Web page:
BOSTON -- Aaron Judge wasn’t the only big man who turned heads at Fenway Park on Tuesday night.
This was no lazy fly ball in which Casas topped the Monster with for the first time in his second home game for the Red Sox.
Boston’s No. 2 prospect hit a towering shot that caromed off a sign beyond the Monster Seats. And that’s the only reason his second career homer -- and first at home -- didn’t land on the street.
The Statcast metrics for Casas on a 97.8 mph heater from Yankees ace Gerrit Cole?
An exit velocity of 108.6 mph, a launch angle of 26 degrees and a projected distance of 411 feet. That will play in any park. But particularly at Fenway, in which the Monster is 310 feet from home plate.
“I definitely think that wall is going to play to my swing,” Casas said. “I think that short wall is going to help me out a lot. I’m going to continue working on it, playing pepper with it and using it to my advantage.”
The funny thing about Casas driving one over the Monster for the first time is that it was far from his first intention. With Rafael Devers on third with two outs, Casas just wanted to drive Devers in when Cole fired that 2-0 fastball.
“I was trying to stay short,” said Casas. “I know I didn't need to do much, I was just trying to get that run in. I was just trying to stay on top of the ball, hit a single. So I’m going to try to apply that approach more often. It obviously came against a great pitcher. I wasn’t trying to do that. I just put a really good swing on it, and it found a really good part of my bat.”
This was a normal work day, which meant on-field batting practice. Red Sox manager Alex Cora enjoyed watching the left-handed hitter’s approach.
“It's funny because when he was taking [batting practice], I was like, 'Oh, this is the first actual regular day for him at Fenway -- show up early, do his routine, take batting practice out there,'” Cora said. “He was shooting balls over the wall. It was impressive.”
Aside from the homer, Casas also worked a five-pitch walk against Cole. And then a player who is listed at 6-4 and 252 pounds did something far more unexpected than go deep. He stole second base. It might be a while before he gets his second for a player who had 10 career thefts in 284 Minor League games.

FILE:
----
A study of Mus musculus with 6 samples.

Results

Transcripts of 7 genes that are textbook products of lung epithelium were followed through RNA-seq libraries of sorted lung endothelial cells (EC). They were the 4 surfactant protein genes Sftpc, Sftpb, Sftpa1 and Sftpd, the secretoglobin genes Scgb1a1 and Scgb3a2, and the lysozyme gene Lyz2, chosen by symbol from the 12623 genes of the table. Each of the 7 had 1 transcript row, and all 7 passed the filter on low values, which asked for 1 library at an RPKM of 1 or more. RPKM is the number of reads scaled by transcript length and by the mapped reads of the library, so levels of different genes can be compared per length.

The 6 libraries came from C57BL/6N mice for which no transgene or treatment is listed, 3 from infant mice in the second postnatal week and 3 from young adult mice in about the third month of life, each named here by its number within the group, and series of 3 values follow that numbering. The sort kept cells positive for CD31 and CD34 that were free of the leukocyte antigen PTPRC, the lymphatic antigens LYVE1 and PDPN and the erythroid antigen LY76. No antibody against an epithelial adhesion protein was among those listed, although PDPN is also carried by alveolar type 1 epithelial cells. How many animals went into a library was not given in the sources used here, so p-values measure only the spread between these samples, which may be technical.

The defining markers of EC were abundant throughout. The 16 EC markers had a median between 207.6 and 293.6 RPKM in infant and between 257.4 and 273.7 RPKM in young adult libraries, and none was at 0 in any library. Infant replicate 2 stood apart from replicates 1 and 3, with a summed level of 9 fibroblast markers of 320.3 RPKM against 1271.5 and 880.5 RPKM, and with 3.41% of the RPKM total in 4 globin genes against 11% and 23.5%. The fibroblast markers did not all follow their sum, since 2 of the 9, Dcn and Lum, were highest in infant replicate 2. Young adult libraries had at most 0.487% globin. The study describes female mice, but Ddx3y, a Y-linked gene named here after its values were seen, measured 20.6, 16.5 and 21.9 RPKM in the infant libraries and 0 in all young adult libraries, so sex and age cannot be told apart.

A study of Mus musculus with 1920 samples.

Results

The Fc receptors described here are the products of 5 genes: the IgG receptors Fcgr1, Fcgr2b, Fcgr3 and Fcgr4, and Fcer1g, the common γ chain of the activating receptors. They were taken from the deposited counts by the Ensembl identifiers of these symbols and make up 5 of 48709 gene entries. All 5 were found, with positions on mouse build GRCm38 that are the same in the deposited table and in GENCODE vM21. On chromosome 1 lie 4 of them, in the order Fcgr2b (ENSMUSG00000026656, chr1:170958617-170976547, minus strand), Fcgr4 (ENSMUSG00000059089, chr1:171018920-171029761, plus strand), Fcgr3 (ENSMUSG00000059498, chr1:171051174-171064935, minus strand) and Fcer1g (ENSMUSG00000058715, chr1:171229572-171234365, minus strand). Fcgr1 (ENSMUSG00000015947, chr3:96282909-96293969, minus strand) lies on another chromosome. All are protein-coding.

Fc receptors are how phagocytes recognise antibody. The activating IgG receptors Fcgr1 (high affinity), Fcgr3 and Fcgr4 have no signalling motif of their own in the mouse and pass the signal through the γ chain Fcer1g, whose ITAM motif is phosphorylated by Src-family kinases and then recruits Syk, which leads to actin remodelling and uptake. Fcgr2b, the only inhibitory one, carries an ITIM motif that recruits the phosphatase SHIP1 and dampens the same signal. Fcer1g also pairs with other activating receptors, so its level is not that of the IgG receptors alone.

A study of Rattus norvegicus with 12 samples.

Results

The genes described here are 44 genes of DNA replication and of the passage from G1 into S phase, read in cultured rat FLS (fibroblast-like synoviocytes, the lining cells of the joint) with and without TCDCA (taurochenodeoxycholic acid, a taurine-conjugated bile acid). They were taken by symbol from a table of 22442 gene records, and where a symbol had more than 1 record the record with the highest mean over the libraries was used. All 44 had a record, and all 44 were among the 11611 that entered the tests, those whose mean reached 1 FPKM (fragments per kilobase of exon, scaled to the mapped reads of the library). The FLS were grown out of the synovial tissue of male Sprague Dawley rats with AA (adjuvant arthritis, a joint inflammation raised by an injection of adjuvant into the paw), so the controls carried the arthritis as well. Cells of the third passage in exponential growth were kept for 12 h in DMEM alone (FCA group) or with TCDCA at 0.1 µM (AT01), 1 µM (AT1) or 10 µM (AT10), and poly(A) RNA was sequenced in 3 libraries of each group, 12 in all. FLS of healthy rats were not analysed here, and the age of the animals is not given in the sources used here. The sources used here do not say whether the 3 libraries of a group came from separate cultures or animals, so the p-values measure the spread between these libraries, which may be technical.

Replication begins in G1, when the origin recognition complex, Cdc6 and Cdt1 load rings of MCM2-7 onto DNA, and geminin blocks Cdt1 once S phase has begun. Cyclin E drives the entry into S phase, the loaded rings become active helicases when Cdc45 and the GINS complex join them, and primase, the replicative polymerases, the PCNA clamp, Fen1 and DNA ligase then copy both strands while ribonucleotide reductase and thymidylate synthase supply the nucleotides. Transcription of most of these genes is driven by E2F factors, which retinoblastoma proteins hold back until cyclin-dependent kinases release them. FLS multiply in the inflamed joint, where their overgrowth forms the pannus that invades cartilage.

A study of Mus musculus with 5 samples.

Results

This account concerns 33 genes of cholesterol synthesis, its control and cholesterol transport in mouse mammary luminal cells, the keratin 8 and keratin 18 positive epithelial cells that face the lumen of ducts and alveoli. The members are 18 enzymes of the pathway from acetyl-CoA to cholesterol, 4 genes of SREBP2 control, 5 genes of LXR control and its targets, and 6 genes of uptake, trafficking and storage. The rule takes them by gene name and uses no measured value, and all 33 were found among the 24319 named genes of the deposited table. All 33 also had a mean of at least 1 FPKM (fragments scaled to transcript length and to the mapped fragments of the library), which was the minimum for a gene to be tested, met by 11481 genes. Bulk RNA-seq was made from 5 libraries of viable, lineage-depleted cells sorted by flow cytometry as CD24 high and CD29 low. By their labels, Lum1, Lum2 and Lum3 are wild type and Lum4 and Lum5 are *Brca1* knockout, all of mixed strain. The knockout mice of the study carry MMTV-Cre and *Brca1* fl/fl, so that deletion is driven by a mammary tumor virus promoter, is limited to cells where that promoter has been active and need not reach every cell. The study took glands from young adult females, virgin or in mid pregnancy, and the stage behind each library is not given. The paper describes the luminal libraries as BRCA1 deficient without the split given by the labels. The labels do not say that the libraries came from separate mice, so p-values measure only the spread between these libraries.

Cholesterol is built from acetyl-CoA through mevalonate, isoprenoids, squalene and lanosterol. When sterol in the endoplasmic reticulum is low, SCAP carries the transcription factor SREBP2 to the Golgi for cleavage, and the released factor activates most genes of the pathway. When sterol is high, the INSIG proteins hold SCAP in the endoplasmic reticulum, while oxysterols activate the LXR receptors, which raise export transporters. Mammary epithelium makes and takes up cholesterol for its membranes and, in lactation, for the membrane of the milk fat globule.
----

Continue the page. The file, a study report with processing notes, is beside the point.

Perhaps Casas got a chuckle out of Judge getting caught stealing in his attempt on Tuesday. What were his impressions of seeing No. 99 in the flesh for the first time?
“The thing I take away from his swing, especially seeing it live for the first time, is his effort level. He’s going out there [and not swinging too hard],” Casas said. “He doesn’t sacrifice mechanics. He didn’t miss his pitches today.”
As for Casas, he is acclimating to life in the Majors. Tuesday marked his seventh career start. Though he has just three hits in his first 24 at-bats, there is every reason to think he will evolve into a strong hitter at the highest level.
“Triston, the way he kind of commands the strike zone, he’s not afraid to be in an 0-2 count,” said Red Sox righty Nick Pivetta, who gave up three runs in 5 1/3 innings. “I think he has a good, balanced swing and he’s able to compete in those moments and it’s impressive to watch.”
Casas came to the ballpark excited about his first participation in the rivalry. The only downer, he said, was the final score.
“I know it’s intense,” Casas said. “I know it’s supposed to be the best rivalry in baseball, and there was a lot of back and forth today. And I’m hoping for the same tomorrow and hopefully we’ll come out on top.”